Chief Concerns

The SBA's new administrator speaks out about her plans for the agency.
Magazine Contributor
4 min read

This story appears in the April 1997 issue of Business Start-Ups magazine. Subscribe »

She follows in the footsteps of distinguished leaders. And yet Aida Alvarez, whom the U.S. Senate confirmed unanimously as the new administrator of the , won't be standing in the shadow of her groundbreaking predecessors, Erskine Bowles and Philip Lader, for long. All who meet her say the former journalist, investment banker, health-care executive and, most recently, leader of the 's first effort to regulate the nation's two largest housing companies, the Federal National Mortgage Association and the Federal Home Loan Mortgage Corporation, has what it takes to make historical decisions of her own.

Which is fortunate, considering Alvarez, 47, takes the 's helm at a crucial point. are poised to capitalize on the opportunities offered in the 21st century and need all the financial assistance the SBA can provide. Small-business owners want "an administrator with a seat at the table, who will convey their concerns to the president," Alvarez stated in her BODYimony to the Senate. "They want an administrator who will champion the interests of small business with enthusiasm. If confirmed, I will be that champion."

Recently, Alvarez shared thoughts on her new role with Entrepreneur.

Entrepreneur:Your background is largely related to , and you've said you want to ensure the development of "an effective, disciplined financial organization." Is this one of your top priorities?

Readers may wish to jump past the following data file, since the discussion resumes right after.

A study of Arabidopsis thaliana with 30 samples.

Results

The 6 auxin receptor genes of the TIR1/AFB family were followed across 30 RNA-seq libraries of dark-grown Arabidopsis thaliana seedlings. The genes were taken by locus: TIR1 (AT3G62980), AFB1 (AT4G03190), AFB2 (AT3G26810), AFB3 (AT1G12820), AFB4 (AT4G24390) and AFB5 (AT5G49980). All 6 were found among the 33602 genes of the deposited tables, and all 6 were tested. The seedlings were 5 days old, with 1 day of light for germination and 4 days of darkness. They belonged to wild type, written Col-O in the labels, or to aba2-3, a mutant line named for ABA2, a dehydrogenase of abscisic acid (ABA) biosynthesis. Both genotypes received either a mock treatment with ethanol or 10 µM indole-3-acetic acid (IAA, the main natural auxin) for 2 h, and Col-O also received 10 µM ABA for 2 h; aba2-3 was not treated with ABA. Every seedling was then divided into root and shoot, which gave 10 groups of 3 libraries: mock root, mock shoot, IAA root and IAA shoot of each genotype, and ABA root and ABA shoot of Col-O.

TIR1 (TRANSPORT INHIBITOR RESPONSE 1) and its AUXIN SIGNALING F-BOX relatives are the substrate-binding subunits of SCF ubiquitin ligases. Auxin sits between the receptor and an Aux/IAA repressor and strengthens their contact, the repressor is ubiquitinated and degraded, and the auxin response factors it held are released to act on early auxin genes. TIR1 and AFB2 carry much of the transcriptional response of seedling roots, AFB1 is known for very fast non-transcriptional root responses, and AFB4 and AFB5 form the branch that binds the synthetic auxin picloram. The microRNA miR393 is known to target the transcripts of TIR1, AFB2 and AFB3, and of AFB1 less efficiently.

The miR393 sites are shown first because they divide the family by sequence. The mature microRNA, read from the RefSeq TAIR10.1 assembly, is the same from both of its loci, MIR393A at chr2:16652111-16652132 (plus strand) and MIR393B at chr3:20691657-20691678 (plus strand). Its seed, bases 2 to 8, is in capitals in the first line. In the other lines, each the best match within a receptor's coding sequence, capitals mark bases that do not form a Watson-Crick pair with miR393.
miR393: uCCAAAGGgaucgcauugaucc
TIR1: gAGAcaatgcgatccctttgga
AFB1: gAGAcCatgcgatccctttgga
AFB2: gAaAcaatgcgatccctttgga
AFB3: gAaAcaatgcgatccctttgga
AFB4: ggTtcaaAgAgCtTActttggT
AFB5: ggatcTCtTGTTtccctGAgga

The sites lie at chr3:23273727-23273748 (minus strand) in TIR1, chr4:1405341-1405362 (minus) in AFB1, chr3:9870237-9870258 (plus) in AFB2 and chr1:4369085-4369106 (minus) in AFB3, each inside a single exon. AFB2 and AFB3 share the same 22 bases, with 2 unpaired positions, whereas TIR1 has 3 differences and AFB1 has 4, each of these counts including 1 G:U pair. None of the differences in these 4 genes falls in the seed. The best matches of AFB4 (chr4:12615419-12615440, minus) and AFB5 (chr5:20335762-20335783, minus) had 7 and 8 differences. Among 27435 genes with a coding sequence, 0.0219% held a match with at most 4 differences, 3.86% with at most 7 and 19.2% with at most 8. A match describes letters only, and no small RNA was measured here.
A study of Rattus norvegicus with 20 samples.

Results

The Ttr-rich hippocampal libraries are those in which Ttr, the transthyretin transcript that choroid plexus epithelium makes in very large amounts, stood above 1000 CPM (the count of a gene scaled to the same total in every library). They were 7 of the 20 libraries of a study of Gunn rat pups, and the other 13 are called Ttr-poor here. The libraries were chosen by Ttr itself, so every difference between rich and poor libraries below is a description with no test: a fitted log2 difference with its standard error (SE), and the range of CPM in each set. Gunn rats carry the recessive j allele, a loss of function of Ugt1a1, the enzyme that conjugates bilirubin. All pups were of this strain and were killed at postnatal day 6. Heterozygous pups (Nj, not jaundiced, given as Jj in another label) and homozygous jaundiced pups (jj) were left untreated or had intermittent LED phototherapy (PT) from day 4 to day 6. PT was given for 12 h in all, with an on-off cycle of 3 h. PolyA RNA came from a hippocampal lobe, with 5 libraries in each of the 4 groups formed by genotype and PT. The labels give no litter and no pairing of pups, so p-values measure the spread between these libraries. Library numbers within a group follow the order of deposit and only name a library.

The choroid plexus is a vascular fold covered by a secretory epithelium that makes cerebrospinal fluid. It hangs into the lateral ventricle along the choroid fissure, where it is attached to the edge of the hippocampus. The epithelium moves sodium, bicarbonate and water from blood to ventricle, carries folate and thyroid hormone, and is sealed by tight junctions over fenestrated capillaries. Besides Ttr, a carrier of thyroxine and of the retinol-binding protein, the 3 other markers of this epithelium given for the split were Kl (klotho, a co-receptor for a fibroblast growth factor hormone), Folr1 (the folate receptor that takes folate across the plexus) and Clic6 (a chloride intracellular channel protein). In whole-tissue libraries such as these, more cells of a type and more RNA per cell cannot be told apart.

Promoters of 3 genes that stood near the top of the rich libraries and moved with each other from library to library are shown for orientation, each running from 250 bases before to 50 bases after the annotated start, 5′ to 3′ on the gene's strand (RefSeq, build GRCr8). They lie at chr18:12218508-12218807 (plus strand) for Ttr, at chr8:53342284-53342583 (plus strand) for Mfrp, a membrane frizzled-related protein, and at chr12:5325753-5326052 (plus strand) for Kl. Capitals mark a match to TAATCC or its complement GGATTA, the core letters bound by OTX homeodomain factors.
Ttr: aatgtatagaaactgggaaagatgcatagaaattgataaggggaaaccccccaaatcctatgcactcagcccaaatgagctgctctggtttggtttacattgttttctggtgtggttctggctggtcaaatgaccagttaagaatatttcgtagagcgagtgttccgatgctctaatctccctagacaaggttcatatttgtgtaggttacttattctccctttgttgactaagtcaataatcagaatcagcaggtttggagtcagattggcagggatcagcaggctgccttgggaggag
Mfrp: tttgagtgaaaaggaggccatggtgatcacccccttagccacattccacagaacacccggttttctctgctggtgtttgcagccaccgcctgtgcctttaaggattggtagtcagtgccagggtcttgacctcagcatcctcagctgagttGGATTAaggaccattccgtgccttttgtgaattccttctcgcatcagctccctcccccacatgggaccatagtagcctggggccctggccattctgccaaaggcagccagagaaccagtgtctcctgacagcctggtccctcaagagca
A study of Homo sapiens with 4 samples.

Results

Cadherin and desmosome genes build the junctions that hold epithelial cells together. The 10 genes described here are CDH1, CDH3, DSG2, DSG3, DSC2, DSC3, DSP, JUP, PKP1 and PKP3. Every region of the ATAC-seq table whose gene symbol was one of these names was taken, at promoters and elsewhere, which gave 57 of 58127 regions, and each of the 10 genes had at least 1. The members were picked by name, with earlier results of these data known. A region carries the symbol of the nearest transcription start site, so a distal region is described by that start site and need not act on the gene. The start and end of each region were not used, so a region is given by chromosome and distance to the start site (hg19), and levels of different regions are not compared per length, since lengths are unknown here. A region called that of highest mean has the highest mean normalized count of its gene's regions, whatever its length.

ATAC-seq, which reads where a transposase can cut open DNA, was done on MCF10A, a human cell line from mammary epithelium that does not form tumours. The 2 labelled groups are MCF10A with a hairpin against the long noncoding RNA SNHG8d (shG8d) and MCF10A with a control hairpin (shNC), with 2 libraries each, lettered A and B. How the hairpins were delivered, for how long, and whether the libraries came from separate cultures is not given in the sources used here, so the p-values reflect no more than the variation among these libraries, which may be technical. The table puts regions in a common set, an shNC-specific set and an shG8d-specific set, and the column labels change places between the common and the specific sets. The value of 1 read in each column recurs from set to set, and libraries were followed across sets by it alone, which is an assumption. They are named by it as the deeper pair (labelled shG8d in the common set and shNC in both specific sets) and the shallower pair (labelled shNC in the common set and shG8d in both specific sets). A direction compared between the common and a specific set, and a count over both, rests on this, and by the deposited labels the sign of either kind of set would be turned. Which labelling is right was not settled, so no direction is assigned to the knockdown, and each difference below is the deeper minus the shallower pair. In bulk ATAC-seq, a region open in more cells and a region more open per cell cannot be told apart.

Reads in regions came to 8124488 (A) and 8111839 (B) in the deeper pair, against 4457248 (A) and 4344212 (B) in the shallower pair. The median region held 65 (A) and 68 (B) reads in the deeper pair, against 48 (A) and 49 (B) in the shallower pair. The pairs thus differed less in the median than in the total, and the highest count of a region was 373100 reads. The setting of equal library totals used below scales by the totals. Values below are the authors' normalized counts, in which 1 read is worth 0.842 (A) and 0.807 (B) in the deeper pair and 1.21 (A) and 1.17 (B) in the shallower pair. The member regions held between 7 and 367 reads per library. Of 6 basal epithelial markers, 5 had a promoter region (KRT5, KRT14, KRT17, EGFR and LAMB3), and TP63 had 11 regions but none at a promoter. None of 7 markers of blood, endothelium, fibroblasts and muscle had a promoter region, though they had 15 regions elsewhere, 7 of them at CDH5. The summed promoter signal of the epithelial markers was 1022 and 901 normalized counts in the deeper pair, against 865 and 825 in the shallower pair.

Aida Alvarez: I had the privilege of creating a regulatory agency from scratch, which was an entrepreneurial challenge. [President Clinton's] proposed [fiscal 1998] budget requests $18 million to improve [the financial management of the SBA], and I'm fortunate to come in at a time when that request has been made. I believe the SBA can be on the cutting edge as a financial agency.

Entrepreneur:There was some concern about your lack of small-business experience. Do you believe your expertise compensates for that?

Alvarez: The key is the SBA is a financial agency, which needs somebody with financial management expertise. From a standpoint of the advocacy part, I've lived it. My mother owned a restaurant, and I grew up working there. I have a lot of empathy for men and women trying to start their own businesses, and I hope to be an advocate for them.

Entrepreneur:You are the first Hispanic woman to hold a position in the president's Cabinet. Beyond the historical implications, what will be the practical effects of this?

Alvarez: I have to practice fairness and do everything in my capacity to make it possible for more Americans to succeed. Every person brings their own enhancements to the job. I certainly have sensitivity to issues affecting Hispanics. I think that's a plus. But I intend to be the administrator for all small-business interests.

Entrepreneur:How would you describe small business's role in the American ?

Alvarez: Small business is as vital as it has ever been. We face a time of budgetary constraints, which means we need to find more creative ways of helping small businesses develop and better ways of leveraging resources so that other partners--not just in the private sector but also nonprofits, universities, foundations and government--create opportunities.

Entrepreneur:What would you like small-business owners to know about you as a person?

Alvarez: I come from humble origins. We had to work our way up. I understand what it's like to be in a situation where financial institutions might not greet me with open arms without the help of the government. I appreciate what the government can do to allow individuals like me an opportunity.

Entrepreneur:Like you, many small-business owners have had to work against the odds to excel.

Alvarez: Exactly. It takes a lot of courage to start a small business. You have to believe in yourself to take a risk in spite of the odds. The SBA's job is to better those odds.